PCN Explains Why Closure of Open Drug Markets Was Postponed
-Offers olive branch to pharmaceutical technologists
The main reason the Minister of Health, Prof. Isaac Adewole extended the take-off date for the implementation of the National Drug Distribution Guidelines (NDDG) and, by extension, the deadline for closure of the open drug markets to January, 2019, is to enable stakeholders involved in drug distribution to expedite action on the physical development of Co-ordinated Wholesale Centres (CWC), Pharm. N.A.E. Mohammed, registrar, Pharmacists Council of Nigeria (PCN) has said.
Speaking with Pharmanews in an exclusive interview, Mohammed, who was recently in Lagos with the health minister to discuss with stakeholders on the way forward on the implementation of the NDDG, disclosed that there was still much to be done as stakeholders needed more time to put the much needed CWC in place for the successful take-off of the NDDG.
The PCN registrar disclosed further that the health minister’s decision to extend the deadline by almost 18 months was based on discussion with the stakeholders and inspection of the CWC in Lagos and Anambra States and the realisation that more time was needed by the stakeholders to put the needed infrastructure in place.
He however emphasized that the health minister had made it clear that there would be no further extension of the deadline for closure of the open drug markets, noting that the pending contentious issues of NDDG, which are human and economic challenges, must be addressed before the new January 2019 deadline, since commitment, will and buy-in are already in place for the programme.
On what informed the recent renewed vigour of the PCN in sealing of illegal drug premises, Mohammed disclosed that this was because the PCN had been able to overcome some regulatory hindrances, which over the years, had impeded its enforcement activities.
While praising the leadership of the Federal Ministry of Health for creating an enabling environment for enforcement activities, Mohammed added that the legal unit of the PCN is also now more effective in helping to resolve legal challenges and prosecute offenders to enable the council deliver on its regulatory responsibilities to the citizens.
Also speaking on the recent Court of Appeal ruling which reaffirmed the regulatory power of the PCN over the National Association of Pharmaceutical Technologists and Pharmacy Technicians of Nigeria (NAPPTON) which had filed a suit to seek exemption from PCN regulation, Mohammed said the PCN considers it absurd that the association wanted to confer on itself the power to license and regulate a profession that involves human lives.
The PCN registrar said the lesson to be learnt from the court’s decision is that an association of non-professionals cannot become lawless and arrogate to itself professional regulatory powers reserved for statutory government agencies established by an act of parliament.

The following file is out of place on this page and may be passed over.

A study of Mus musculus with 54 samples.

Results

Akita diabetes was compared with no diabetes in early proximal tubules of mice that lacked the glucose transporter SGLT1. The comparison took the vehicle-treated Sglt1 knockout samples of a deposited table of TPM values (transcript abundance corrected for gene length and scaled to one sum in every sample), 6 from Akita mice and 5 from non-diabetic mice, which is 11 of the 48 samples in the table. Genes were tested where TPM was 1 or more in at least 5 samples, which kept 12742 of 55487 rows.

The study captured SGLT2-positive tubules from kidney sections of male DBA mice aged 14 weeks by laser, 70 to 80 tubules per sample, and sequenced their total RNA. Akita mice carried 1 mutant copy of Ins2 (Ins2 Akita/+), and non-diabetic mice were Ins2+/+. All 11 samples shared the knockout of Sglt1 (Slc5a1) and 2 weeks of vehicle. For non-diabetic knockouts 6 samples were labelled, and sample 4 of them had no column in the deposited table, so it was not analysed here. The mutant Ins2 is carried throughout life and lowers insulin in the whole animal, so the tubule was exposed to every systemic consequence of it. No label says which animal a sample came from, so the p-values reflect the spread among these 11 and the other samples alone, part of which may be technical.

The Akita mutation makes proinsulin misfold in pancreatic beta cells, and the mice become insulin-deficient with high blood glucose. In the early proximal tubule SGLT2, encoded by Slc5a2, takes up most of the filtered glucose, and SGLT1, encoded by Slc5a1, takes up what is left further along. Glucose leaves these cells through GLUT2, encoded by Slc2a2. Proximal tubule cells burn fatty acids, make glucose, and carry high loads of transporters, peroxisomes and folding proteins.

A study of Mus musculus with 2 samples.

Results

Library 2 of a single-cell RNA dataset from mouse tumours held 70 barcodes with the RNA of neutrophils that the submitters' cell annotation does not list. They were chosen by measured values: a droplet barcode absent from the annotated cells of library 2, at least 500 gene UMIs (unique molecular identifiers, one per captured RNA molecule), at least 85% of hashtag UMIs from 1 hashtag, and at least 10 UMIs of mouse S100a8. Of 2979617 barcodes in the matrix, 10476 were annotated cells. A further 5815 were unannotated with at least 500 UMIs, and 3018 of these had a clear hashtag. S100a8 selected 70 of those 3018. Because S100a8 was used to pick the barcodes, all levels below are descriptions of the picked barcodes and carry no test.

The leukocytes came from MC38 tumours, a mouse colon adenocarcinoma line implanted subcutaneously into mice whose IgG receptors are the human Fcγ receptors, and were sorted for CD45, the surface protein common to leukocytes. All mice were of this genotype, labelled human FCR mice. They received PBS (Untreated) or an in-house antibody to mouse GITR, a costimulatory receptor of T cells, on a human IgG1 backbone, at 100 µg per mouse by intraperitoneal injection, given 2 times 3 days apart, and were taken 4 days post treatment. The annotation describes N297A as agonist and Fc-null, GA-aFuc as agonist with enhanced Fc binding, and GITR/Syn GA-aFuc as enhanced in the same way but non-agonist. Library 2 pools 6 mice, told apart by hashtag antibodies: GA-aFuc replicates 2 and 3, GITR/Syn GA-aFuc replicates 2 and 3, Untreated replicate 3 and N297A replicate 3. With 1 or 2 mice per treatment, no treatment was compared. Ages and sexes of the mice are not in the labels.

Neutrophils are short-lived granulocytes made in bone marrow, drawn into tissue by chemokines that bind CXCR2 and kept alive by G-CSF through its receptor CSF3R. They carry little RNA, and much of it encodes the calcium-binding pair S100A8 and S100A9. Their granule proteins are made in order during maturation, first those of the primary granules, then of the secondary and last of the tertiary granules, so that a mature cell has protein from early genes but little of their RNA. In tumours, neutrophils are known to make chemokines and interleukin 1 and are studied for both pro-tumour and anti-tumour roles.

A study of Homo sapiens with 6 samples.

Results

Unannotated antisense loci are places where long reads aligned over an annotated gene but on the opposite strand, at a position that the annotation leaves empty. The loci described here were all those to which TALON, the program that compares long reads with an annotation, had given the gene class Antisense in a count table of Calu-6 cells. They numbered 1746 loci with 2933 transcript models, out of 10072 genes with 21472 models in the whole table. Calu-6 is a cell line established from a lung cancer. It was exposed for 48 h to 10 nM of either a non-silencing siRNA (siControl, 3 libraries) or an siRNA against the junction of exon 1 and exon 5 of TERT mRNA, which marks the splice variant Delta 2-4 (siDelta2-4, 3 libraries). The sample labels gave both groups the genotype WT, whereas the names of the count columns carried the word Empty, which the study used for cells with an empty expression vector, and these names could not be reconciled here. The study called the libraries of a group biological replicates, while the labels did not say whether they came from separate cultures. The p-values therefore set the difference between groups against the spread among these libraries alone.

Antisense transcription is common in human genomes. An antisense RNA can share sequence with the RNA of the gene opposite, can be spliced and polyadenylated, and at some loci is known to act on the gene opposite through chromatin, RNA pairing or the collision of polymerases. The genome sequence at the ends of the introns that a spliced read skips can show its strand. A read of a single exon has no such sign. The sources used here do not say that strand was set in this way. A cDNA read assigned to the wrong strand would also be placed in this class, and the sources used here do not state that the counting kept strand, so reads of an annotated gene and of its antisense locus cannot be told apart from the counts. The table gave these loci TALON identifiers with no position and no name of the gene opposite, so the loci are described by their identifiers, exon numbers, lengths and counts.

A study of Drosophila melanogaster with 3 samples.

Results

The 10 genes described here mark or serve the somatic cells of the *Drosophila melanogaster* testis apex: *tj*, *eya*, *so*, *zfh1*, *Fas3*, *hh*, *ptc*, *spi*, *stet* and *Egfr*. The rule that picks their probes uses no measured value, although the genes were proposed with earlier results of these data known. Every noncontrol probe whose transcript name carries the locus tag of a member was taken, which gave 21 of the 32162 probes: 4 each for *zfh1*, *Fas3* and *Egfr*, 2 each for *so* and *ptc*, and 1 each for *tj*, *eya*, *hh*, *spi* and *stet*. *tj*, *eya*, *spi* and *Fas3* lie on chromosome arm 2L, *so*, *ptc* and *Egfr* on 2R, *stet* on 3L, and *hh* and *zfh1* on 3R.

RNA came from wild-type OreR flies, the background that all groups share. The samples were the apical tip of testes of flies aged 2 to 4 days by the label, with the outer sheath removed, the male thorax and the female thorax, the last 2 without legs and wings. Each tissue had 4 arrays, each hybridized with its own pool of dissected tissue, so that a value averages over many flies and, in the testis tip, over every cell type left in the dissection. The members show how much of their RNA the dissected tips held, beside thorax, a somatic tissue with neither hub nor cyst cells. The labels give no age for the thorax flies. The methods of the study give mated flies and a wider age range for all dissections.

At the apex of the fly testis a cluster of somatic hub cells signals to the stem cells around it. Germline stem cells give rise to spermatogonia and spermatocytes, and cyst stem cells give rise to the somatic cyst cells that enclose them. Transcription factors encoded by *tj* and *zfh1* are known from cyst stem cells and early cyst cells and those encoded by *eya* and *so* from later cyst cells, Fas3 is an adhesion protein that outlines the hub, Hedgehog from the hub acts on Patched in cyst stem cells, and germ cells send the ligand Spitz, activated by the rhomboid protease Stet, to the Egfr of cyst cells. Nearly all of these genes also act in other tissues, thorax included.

He said: “The truth about the whole issue is that some group of Nigerians, who fortunately or unfortunately fell into an ‘academic’ gimmick by certain institutions driven by whatever reasons and without proper homework, came up with the training of individuals with the appellation ‘pharmaceutical technologists.’
“These individuals were thrown into the labour market without proper job description and need assessment/human resource requirement, and in order to create relevance, they decided to re-write the history of pharmacy practice in Nigeria through the back door by arrogating professional regulatory powers, which are powers reserve for statutory government agencies established by an act of parliament. This is what the court of law is saying no to.”
Pharm. Mohammed said that while the PCN sympathises with those going by the appellation of ‘pharmaceutical technologists’ who have found themselves in a dilemma that is no fault of theirs, it must be emphasised that they are different from pharmacy technicians who are recognised by law, trained and regulated by the PCN.
He, however, offered an olive branch to the technologists, stating that the council had set up a rehabilitation programme to move them from the engineering/technical ‘DNA’ education-driven philosophy they have acquired to health ‘DNA’ education-driven one to ensure they fit properly into the Nigeria healthcare services delivery as health workers.
The PCN boss stated that this olive branch became necessary after various meetings held between the Federal Ministries of Health and Education on one side, and the PCN and the National Board for Technical Education (NBTE) on the other, adding that, at the meetings all concerned stakeholders were participants.
The PCN boss expressed the council’s appreciation for the invaluable contributions of the current Executive Secretary of NBTE, Dr Mas’ud Kazaure, during the meetings, noting that he (Kazaure) demonstrated that he was not enthused by parochialism in dealing with the matter but interested only in what was good for the public.